This post follows the film I made for Talking2Minds (see previous post). Above is a portrait of Britain's most famous General, Wellington, by Spanish artist Goya. The painting depicts the victorious Wellington on his entry to Madrid, but it is not this painting but Goya's chalk sketch that preceded it, shown below, that is of interest here. 
Here Wellington shows the signs of battle fatigue, or depression, that he suffered post combat. This was first documented after Assaye, India 1803, of which he wrote 'I should not like to see again so great a loss...even if attended by such a gain' and his biographer Elizabeth Longford refers to his waking after this with a recurrent nightmare about his troops, 'a confused notion that they were all killed'.
Napoleonic warfare was brutal but it did not compare to the carnage unleashed in the First World War, which brought with it the medical profession's interest in men who showed no physical wounds, but seemed ill. The footage of a shell shock victim from the Imperial War Museum never cease to shock me.
Counterintuitively modern psychiatry repeatedly states that post traumatic stress disorder (PTSD) occurs at the same rate amongst the civilian and military population, around 15 - 20%. One of the largest studies in this area by the British Journal of Psychiatry (PJPsych) goes on to say repeated combat tours do not increase this rate.
This does not concur with my own, albeit anecdotal, experience in this area and I think this is because there are two problems. The first is diagnostic. The psychiatric bar to a clinical PTSD diagnosis is set very high, to the extent that I now know personally of three people who have sought help and been refused. I would say this to the medical profession: if a soldier comes asking for help then he or she is in trouble. Soldiers learn to suffer without complaining, and if they are asking for help this means they do need it. Mental health is a spectrum, and the impact of combat on mental health ranges from mild depression, all the way up to what a psychiatrist will term PTSD, and may vary over time. Setting the bar high might keep the numbers down officially, but does not define the problem.
The second thing struck me reading the PJPsych article, and that is that the sample group is all troops, regardless of their role. In modern warfare the ratio of support troops to frontline is roughly 10 to 1, and while deploying in a support role to, say, Camp Bastion, Afghanistan, in the recent British involvement there, might be stressful, it would be unlikely to provoke a mental stress reaction other than boredom.  So this study could also be saying that 100% of those in combat roles suffer from PTSD, since 15% showing symptoms concurs with 15% being in combat. We don't know because they did not define the roles of those they were sampling.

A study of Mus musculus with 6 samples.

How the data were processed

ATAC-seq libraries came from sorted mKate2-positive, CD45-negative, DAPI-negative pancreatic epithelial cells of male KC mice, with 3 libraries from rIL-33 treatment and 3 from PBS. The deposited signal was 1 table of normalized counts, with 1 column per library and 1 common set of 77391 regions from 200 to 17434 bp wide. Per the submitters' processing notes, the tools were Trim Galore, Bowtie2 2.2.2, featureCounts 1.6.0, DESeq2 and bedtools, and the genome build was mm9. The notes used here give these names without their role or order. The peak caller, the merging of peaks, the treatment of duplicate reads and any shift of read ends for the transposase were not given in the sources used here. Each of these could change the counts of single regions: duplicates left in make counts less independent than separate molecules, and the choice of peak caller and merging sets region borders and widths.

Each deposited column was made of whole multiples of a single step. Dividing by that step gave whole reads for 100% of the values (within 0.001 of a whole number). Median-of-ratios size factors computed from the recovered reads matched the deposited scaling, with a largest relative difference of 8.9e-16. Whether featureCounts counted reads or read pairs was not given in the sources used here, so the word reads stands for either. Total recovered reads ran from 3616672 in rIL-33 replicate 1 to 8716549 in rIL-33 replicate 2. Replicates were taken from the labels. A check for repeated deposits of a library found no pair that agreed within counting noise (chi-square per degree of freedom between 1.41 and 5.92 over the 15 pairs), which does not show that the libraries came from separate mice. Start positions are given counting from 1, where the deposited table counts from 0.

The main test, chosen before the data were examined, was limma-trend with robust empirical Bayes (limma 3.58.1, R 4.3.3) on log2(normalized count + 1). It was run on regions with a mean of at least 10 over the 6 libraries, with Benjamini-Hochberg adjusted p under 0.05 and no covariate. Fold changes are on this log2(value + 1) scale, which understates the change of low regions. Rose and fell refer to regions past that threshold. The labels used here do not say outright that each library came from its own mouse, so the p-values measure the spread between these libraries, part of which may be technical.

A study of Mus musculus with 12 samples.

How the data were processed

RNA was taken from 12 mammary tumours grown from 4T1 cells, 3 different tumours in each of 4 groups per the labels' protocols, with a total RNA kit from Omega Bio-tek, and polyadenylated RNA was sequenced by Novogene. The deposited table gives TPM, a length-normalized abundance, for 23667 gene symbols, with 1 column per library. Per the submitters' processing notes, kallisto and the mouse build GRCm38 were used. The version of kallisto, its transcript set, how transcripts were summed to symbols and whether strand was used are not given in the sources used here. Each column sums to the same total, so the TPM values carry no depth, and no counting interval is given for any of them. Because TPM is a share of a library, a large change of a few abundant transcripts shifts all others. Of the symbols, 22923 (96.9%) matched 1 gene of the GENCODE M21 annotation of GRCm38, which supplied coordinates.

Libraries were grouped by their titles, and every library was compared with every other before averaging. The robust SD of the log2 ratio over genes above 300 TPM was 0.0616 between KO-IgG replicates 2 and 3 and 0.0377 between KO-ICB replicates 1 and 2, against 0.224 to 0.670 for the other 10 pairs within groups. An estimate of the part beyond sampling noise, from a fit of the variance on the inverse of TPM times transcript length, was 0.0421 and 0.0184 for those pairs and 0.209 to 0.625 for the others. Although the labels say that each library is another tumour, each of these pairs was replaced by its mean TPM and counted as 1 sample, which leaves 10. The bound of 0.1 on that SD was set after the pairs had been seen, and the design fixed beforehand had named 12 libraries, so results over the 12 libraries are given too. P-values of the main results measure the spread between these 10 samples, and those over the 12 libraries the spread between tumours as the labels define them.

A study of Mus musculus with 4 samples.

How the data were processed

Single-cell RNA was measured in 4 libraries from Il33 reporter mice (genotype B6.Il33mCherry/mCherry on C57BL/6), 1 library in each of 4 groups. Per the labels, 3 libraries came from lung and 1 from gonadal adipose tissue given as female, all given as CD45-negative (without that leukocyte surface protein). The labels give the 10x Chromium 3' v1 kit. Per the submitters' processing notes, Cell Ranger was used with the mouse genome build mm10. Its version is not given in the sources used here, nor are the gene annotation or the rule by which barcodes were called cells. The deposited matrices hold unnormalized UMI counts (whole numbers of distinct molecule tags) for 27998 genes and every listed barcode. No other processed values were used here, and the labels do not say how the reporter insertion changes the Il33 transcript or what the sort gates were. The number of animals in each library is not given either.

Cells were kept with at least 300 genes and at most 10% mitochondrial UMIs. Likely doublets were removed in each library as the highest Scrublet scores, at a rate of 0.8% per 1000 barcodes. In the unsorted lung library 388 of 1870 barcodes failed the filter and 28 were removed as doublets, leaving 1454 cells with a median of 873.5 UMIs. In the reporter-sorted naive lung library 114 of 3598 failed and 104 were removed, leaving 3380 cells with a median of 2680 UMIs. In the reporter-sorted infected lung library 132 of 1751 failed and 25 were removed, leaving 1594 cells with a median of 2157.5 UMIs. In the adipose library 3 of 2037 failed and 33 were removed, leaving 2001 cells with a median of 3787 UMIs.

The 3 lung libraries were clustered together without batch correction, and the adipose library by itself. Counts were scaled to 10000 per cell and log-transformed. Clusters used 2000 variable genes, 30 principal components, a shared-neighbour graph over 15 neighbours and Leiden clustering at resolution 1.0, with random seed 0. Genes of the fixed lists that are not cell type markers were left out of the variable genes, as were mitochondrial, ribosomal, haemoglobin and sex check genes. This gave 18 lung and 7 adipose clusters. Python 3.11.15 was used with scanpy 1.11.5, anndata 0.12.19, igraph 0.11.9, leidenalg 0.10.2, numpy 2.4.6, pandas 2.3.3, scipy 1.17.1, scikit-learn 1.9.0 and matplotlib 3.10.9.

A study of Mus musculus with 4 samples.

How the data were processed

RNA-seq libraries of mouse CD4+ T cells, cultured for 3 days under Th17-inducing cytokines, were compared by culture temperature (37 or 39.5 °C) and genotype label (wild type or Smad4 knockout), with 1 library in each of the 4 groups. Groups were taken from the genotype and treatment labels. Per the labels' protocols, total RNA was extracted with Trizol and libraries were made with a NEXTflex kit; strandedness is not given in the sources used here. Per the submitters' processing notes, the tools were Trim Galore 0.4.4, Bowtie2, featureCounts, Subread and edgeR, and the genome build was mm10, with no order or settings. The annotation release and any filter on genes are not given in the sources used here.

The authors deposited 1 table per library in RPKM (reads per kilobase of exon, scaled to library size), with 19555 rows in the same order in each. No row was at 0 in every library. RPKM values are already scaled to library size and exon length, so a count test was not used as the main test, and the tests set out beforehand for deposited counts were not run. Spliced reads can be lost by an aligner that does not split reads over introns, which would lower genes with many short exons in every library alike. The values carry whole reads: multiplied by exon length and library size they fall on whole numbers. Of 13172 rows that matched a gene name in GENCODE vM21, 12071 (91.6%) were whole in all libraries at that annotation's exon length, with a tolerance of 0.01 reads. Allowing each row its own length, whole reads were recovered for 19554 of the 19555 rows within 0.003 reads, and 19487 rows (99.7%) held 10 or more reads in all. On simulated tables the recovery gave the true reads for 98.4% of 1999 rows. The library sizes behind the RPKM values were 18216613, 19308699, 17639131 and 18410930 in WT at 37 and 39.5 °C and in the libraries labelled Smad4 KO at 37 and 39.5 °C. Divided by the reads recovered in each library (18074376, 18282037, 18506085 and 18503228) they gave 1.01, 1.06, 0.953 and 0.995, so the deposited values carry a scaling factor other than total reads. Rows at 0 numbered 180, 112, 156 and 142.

Again, my own experience, I do not think this is true either: not all troops in combat suffer PTSD. I suspect that one of the defining factors in mental health in combat is casualties, both your own, and civilian. One of the most decorated Regiments in the British Army is the Royal Army Medical Corps and medics seem to suffer a high level of PTSD . And the impact of civilian casualties could be significant because as a soldier you sign up for the risk, and you are prepared mentally, but soldiers are often shocked by the carnage inflicted on the civilian population. This has increased in our modern wars 'amongst the people', and can even occur away from the frontline for example amongst troops deployed on peacekeeping duties.
Finally I would add that PTSD can take time to appear, again from experience around five to six years after combat, and that leaving the military seems to have an enormous impact on this process. The military is a family, and the double wrench of leaving the military is also leaving the support network that helped deal with, and mask, mental issues. 
My conclusion is there needs to be more research into PTSD, over longer periods, with sample groups defined both by role and exposure to risk factors. That group exists in the UK after recent conflicts. Critically, we need to ask who is doing the research. Combat Stress, the UKs largest veteran mental health charity is part funded by the Ministry of Defence (MOD). A military psychiatrist (not with Combat Stress) recently said alcoholism is to blame rather than mental illness among most veterans with mental problems, though alcohol misuse is a key symptom of this illness. We cannot blame those paid by the MOD for seeking different explantions since the MOD remit is to protect the country, and to do this they need to recruit young and men women, not fund more substantial research in an area that may ultimately affect recruitment.